It was the mid-‘90s when I first learnt of Japan’s infamous highway racers and their late-night exploits on the Wangan, and as my fascination in this illegal and highly dangerous phenomenon grew, so did the will to one day experience it for myself. Hidekazu Koseki of Scoot Sports was able to make that dream come true in early 2001.
I had met Koseki-san in late 1999 when he took part in a Video Option top speed trial event held on a long stretch of country road here in New Zealand. I’ll save the details for a future Time Machine post, but of the seven hardcore Japanese demo cars that took part, Koseki’s ‘Wangan Special’ FD3S Mazda RX-7 left the biggest impression on me. Not only did the Scoot machine look wild with its RE Amemiya aero, adapted Lola F3000 rear under-tray and diffuser, and spats that completely covered the rear wheels, but its HKS T51R-equipped 13B semi-peripheral-port engine beat to the sound of a 600+hp drum; I had never seen or heard a Japanese street car like it. Of course, the RX-7 did the business too, blasting 327.3km/h (203mph) through the traps on its best run.
Eighteen months later I found myself in Japan, sitting next to Koseki in his rotary creation (now packing 700+hp, but also a shorter final drive ratio) and giving one final self-reassuring pull down on the harness belts securing me in the passenger seat as we dipped into the Tokyo Bay Aqua-Line entrance.
As far as top speed proving grounds go, this underwater tunnel under connecting Kanagawa with Chiba is as good as it gets: smooth and straight for 9.5km (5.9mi); no oncoming traffic; no speed cameras. Or at least there were no cameras back in ’01… At this early morning hour, when the above-ground Tokyo highway network was at its quietest, the then expensive-to-use Aqua-Line (¥4000; approximately US$40 one way) was all but deserted.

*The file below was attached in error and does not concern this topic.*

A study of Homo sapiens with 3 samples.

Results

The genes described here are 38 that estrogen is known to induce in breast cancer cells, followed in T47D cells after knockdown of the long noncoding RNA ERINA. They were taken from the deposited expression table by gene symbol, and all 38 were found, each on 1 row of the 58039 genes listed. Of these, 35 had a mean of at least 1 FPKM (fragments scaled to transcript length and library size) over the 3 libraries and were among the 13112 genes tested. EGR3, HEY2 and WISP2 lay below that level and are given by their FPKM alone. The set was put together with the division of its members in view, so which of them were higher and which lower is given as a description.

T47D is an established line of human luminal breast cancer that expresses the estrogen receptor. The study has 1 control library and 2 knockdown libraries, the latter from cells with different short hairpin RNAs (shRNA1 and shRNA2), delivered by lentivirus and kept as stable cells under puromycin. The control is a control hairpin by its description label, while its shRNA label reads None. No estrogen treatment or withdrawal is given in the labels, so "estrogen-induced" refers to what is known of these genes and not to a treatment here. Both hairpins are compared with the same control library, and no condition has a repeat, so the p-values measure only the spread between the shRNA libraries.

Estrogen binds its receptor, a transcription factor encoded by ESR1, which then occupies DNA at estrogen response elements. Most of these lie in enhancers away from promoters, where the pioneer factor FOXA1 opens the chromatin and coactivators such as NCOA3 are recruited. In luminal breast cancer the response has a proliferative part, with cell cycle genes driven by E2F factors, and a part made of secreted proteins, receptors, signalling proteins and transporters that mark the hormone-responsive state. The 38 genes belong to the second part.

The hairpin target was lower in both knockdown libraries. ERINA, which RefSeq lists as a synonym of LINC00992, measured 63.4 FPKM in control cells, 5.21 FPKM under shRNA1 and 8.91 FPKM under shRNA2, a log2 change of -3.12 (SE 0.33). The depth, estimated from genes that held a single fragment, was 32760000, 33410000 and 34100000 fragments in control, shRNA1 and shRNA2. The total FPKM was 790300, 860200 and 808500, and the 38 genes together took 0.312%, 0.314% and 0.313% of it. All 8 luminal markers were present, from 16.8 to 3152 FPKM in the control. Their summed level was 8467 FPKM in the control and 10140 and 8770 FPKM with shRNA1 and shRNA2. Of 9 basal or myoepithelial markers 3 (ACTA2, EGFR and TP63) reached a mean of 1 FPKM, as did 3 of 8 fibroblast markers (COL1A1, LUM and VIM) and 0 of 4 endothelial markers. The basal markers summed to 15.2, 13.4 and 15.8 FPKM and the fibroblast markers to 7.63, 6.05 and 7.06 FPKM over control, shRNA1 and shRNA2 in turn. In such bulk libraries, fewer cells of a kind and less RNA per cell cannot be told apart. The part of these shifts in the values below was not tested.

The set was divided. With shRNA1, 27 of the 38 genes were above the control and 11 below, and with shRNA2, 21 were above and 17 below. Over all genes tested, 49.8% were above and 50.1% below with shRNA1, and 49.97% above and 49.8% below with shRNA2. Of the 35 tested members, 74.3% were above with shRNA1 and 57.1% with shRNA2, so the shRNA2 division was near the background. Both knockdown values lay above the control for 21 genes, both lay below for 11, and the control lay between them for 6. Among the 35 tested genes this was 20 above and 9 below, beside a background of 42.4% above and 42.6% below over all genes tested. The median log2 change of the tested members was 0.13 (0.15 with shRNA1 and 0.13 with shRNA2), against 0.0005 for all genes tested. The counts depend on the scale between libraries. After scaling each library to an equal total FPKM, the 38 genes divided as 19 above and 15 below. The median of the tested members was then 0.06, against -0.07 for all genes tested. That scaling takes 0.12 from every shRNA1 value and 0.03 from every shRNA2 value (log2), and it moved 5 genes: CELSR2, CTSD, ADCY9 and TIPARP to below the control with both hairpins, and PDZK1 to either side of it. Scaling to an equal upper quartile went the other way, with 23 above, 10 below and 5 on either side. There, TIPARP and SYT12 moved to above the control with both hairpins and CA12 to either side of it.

The resulting ride was a bit of a blur – Koseki winding the engine out to 9,800rpm in top gear, and me furiously firing away on the trigger of my trusty Nikon F4S with a roll of Fujichrome Provia slide film loaded up; one eye locked on the vanishing point in the distance. It felt every bit as fast as 300+km/h through a tunnel actually is, and the sound – just wow.
As I’d hoped, there were a few would-be challengers along the way too, one of which was a very evil-looking and angry-sounding R33 Skyline GT-R if I remember rightly. But on this particular evening 15 years ago, none could match the Scoot RX-7 for acceleration and top-end speed.
After a few hours of fun hitting all the Tokyo highway hotspots, the night came to end at 3.00am. I’m guessing I was slightly delirious from the experience, because I had Koseki-san drop me off in the completely wrong part of the city, which resulted in a 90-minute walk back to my shoebox-sized apartment in Shinjuku and a bizarre encounter with a bosozoku bike gang along the way. But that’s another story…
Check out this old Video Option compilation featuring Koseki-san and the Scoot RX-7 on the Tokyo Aqua-Line from the 12:15 mark.